Generics are intended for replacing original brand names with identical formula after patents for the latter’s use expire. While generics are sold at lower prices, they are assumed to be as effective and safe for use as original medications. Generics are produced in strict compliance with established rules and conform to all quality standards.
Differences between generic forms and original drugs have always caused confusion in consumers’ minds. However, no one can deny that generics make quality treatment available to broad masses of people.
The Constitutional Court’s decision had been preceded by litigation of Leisan Sharafutdinova, a resident of Kazan, the capital of Russia’s Republic of Tatarstan, who refused to take Iranian-made sinovex, offered to her free of charge, instead of the prescribed American-made annovex. Sharafutdinova based her arguments in court on findings made by foreign scientists and Russian researchers, who confirmed that replacing one protein-containing drug with another one, even if it has an identical molecular composition, might be useless and could have a negative impact on human health.
The courts admitted that the Russian government had not approved a list of drugs which could be purchased according to their international brand names. However, they ruled that the absence of legal regulations was not the reason for calling existing rules illegal. After that, the woman turned to the Constitutional Court claiming that the practice of drug purchases in Russia was depriving patients with serious diseases of an opportunity to get a free medication that has passed clinical tests in Russia.
The Constitutional Court considered Sharafutdinova’s complaint and ruled that the constitutional rights of citizens were not violated. However, the Court said the question about the use of generics raised by the woman was very important. Many people take generics which are often prescribed by doctors as free drugs. Because the situation is so widespread and the problem is so serious, the Constitutional Court considered it possible to elaborate on its own legal position on the matter.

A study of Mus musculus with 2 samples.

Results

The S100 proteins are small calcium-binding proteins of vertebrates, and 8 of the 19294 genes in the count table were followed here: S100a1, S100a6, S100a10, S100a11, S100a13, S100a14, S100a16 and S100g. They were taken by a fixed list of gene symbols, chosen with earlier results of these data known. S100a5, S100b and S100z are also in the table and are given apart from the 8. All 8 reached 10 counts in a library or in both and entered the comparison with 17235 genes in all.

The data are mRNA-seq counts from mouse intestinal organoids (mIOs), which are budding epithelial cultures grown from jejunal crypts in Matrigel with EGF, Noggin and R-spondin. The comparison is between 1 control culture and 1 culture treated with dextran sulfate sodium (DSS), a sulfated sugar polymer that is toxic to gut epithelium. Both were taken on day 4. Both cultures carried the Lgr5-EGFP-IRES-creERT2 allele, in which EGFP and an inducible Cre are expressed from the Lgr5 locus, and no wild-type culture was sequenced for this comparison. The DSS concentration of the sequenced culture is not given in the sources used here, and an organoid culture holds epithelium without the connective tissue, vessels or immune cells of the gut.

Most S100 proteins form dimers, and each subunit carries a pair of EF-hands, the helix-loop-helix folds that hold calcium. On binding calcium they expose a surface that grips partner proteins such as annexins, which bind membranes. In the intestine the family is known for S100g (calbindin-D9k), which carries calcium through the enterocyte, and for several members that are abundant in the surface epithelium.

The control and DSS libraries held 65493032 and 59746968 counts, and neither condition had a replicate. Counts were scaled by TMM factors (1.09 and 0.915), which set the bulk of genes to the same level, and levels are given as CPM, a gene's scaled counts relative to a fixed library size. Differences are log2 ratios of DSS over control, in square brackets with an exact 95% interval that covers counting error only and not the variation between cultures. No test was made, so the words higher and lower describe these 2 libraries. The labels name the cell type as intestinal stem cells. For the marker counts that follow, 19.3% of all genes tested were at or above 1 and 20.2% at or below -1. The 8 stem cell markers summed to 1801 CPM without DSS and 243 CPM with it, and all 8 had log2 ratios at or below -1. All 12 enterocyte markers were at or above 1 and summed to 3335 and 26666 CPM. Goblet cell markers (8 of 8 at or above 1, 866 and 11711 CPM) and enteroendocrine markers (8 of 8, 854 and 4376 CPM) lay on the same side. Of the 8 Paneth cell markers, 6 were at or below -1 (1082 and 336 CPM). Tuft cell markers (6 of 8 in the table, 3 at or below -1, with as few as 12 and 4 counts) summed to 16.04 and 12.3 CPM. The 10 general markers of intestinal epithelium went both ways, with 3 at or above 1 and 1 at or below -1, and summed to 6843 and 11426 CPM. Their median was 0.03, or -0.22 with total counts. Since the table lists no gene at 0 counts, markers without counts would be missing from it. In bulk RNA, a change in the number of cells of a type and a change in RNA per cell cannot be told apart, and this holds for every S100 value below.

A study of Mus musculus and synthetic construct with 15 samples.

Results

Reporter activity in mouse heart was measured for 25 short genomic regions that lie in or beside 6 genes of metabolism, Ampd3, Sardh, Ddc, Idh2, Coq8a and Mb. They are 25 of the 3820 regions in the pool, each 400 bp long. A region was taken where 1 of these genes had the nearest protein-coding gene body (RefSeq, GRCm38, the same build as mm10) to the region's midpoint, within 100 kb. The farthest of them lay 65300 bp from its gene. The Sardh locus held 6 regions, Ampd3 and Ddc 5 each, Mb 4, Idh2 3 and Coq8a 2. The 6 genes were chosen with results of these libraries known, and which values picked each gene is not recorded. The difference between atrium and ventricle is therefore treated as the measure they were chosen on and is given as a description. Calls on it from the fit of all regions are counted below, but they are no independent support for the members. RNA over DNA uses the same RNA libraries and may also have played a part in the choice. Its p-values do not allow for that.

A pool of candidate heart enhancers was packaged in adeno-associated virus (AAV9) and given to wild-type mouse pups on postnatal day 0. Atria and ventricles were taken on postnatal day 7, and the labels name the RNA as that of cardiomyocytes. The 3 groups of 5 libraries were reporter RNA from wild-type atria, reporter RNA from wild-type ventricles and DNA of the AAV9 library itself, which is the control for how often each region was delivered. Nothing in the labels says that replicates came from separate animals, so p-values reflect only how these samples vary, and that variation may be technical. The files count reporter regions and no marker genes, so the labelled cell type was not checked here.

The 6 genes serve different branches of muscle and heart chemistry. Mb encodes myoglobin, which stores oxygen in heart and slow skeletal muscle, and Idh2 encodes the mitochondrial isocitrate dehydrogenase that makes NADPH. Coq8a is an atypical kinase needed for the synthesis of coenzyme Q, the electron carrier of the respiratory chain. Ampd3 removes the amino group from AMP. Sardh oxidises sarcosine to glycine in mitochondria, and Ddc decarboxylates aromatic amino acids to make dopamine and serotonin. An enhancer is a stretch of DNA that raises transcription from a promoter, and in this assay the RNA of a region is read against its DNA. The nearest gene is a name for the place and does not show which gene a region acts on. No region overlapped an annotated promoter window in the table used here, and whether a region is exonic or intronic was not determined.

The Constitutional Court did not oblige Russian courts to review their previous decisions but clarified that the authorities should be able to monitor the safety of drugs on the basis of reports received from specialists or patients. If the authorities have trustworthy information that the efficacy of a certain generic for a particular person differs radically from the impact of an original drug, it cannot be considered to be completely replaceable. That gives the right to the patient to demand another medication.
The Constitutional Court’s decision is particularly important for other patients who will now be able to refer to its ruling when they demand that regional authorities meet the necessary treatment conditions, the Kommersant daily says, citing David Melik-Guseinov, the director of the Social Economy Center.
According to the center, generics account for about 25% of the Russian market of biotechnological drugs valued at more than $2 billion.
Many experts assume that generics are worse than their original analogues. However, the various versions of one and the same drug are not supposed to differ radically from each other or the brand name in terms of health safety and clinical effect. They usually differ in price and appearance. Generics are much cheaper than their brand names because their producers do not make capital expenditures on R&D and advertising.
Last year, the Russian Health Ministry published amendments to the law “On Circulation of Drugs” which forbids the state to buy and doctors to prescribe drugs according to their international unpatented names. The amendments clarify conditions under which it would be possible to buy and prescribe generics instead of original drugs. Generics with the same properties as original drugs will not be automatically regarded as replacements before their therapeutic equivalency is proven and until they are formally included in the list of replaceable drugs.
The Health Ministry-proposed amendments are yet to be adopted. Meanwhile, experts warn that such measures will slow down the access of inexpensive drugs to the Russian market and, consequently, budget spending on public health.
Igor Artemyev, the head of the Federal Anti-Monopoly Service, has recently suggested that a government commission led by First Vice-Premier Igor Shuvalov should consider prices for medications in Russia at one of its meetings.
“We have the most expensive or one of the most expensive drugs in the world,” Artemyev said, adding he had based his conclusions on results of a three-year study carried out by the Russian Anti-Monopoly Service.